In December, a capacious new concert venue will open in a historic space on North Broad Street and is being hyped as "Philadelphia's largest non-arena facility" and "the future of live entertainment in the city."
That venue is the Met Philadelphia, the newly branded name of the former Metropolitan Opera House that was built by impresario Oscar Hammerstein I in 1908.
The 110,000-square-foot space, which takes up an entire city block at Broad and Poplar Streets, is being remade into a posh showplace in a $56 million partnership between concert promoter Live Nation, developer Eric Blumenfeld, and the Holy Ghost Headquarters church, the most recent inhabitant, who also owns a stake in the building.
So when it opens, what's The Met going to look like inside?
The computer-generated peeks inside show off the building's adaptability. The Met will have a peak capacity of 3,500 — making it about 1,000 bodies bigger than the preponderance of the Philadelphia market's midsize spaces, such as the Fillmore, Electric Factory, Verizon Hall at the Kimmel Center, the Academy of Music and Tower Theatre in Upper Darby. But, as the renderings show, The Met will be able to cater to cushy-chaired crowds in reserve-seating settings, while also opening up the floor to general-admission crowds for rowdier rock, R&B, and dance music acts, and adapting a tables-and-chairs floor plan for awards shows and supper club-style attractions.
Along with concerts, The Met plans to host "large Cirque or theatrical productions" under its 100-foot-high ceiling, as well as corporate events and boxing matches. In addition to the main room, there are lots of other more-intimate spaces throughout the vast building.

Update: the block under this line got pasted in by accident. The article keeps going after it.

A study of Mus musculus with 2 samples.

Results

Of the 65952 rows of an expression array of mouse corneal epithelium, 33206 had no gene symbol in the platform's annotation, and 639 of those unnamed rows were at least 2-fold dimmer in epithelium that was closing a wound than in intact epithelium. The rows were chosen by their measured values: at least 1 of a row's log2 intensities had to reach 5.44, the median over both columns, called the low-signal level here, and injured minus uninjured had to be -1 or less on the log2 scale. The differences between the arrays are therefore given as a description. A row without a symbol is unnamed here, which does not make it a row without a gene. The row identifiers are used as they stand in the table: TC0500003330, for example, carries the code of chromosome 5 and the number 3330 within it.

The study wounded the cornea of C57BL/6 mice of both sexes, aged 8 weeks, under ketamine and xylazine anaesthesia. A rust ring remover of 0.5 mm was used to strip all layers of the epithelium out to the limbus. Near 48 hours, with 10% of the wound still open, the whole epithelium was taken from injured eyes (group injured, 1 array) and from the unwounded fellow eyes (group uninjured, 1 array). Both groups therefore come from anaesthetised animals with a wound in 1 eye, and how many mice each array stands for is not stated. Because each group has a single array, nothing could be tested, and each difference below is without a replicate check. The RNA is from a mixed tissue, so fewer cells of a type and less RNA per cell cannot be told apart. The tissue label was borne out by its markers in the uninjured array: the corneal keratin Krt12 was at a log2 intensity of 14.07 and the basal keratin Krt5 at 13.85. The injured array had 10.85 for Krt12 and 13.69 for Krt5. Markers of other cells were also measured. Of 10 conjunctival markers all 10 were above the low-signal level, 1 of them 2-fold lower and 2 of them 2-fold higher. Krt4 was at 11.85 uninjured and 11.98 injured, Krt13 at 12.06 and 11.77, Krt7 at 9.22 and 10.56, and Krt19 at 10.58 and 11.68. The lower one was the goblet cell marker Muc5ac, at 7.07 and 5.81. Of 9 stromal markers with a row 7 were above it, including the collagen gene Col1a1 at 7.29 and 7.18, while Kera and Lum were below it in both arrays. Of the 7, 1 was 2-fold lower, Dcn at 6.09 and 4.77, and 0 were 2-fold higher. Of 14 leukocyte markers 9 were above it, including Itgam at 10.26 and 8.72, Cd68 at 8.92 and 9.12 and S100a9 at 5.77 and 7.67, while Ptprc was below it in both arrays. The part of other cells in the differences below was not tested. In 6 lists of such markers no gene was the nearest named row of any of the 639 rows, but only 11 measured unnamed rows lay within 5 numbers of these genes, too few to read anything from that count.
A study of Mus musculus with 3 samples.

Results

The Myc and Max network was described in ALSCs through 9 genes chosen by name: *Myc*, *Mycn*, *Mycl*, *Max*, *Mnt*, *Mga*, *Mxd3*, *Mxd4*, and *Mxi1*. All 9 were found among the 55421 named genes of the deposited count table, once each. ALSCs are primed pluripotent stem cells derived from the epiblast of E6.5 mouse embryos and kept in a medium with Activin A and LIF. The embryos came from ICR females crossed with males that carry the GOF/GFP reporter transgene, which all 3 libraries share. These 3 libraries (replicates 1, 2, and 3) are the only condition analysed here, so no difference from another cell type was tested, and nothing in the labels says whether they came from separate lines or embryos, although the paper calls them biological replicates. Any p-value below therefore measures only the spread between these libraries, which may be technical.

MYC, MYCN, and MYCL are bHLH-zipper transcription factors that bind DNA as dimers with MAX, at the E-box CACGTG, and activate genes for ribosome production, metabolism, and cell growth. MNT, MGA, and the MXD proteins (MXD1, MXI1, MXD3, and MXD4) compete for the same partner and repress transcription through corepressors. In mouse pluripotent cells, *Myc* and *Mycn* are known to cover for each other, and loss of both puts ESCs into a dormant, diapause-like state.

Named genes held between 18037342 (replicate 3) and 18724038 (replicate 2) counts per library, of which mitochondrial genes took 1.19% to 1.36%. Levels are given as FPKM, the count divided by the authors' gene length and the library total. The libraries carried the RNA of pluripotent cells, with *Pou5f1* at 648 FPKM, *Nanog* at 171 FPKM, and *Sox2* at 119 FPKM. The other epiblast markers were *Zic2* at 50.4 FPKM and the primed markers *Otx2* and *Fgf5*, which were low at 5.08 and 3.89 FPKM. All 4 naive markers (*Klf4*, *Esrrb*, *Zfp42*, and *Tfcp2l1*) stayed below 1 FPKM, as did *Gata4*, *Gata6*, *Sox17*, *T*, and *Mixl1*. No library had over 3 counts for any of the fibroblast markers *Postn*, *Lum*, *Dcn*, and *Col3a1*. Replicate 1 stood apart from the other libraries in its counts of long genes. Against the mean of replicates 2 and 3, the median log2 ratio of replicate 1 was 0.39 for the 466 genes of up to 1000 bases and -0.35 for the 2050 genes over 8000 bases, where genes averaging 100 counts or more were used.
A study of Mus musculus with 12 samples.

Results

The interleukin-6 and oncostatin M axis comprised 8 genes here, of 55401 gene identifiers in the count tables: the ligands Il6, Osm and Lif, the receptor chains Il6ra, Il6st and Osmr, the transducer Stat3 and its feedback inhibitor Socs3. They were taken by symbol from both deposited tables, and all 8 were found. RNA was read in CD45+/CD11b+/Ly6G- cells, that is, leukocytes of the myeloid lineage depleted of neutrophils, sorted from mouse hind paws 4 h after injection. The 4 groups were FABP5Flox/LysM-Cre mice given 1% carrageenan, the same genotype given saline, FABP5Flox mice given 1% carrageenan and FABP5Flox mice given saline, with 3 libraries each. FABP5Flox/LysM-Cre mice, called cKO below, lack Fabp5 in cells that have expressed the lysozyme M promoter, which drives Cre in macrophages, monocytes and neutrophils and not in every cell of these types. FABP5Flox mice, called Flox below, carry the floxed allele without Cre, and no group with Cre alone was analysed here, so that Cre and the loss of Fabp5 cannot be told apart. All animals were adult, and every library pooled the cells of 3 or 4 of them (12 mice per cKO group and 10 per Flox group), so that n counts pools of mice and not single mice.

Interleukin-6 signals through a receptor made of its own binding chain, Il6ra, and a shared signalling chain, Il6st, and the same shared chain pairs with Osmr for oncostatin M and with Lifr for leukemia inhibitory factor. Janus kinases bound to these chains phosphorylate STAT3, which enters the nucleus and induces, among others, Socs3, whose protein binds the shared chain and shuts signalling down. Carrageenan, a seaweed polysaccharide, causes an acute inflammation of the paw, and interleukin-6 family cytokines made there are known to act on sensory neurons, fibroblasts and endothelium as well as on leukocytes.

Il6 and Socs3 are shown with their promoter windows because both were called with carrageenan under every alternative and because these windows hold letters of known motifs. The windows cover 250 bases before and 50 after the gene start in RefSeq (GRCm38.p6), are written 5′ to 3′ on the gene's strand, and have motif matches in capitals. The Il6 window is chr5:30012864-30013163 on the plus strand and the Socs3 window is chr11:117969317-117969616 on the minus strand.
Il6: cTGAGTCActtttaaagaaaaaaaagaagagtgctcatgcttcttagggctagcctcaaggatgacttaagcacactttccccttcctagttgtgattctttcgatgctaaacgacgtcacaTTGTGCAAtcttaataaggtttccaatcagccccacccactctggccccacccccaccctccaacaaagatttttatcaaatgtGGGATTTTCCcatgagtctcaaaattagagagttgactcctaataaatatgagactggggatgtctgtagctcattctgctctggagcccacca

Images have been released of the main lobby with its to-be-restored original terrazzo floor and the classy looking Grand Salle, with chandeliers hanging from its barrel vault ceiling. That upstairs room with serve as a preshow and postshow lounge, with food by chef Jean Marie-Lacroix's Brulee Catering.
Two shows at the Met have been announced so far, not as grand-opening events, but they are representative of the kind of shows that are planned to keep the Francisville building busy throughout the year. They are English songwriter James Bay on March 9 of next year and Dancing With the Stars hoofer Derek Hough on June 14. Tickets for both shows are on sale on Ticketmaster.
Expect more marquee names to be announced in the coming months to make a bigger splash when the venue opens this winter, probably with large-drawing acts playing multiple nights. When plans for The Met's revival were announced in 2017, local Live Nation head Geoff Gordon mentioned Jill Scott, Kevin Hart, and Mary J. Blige as potential headliners.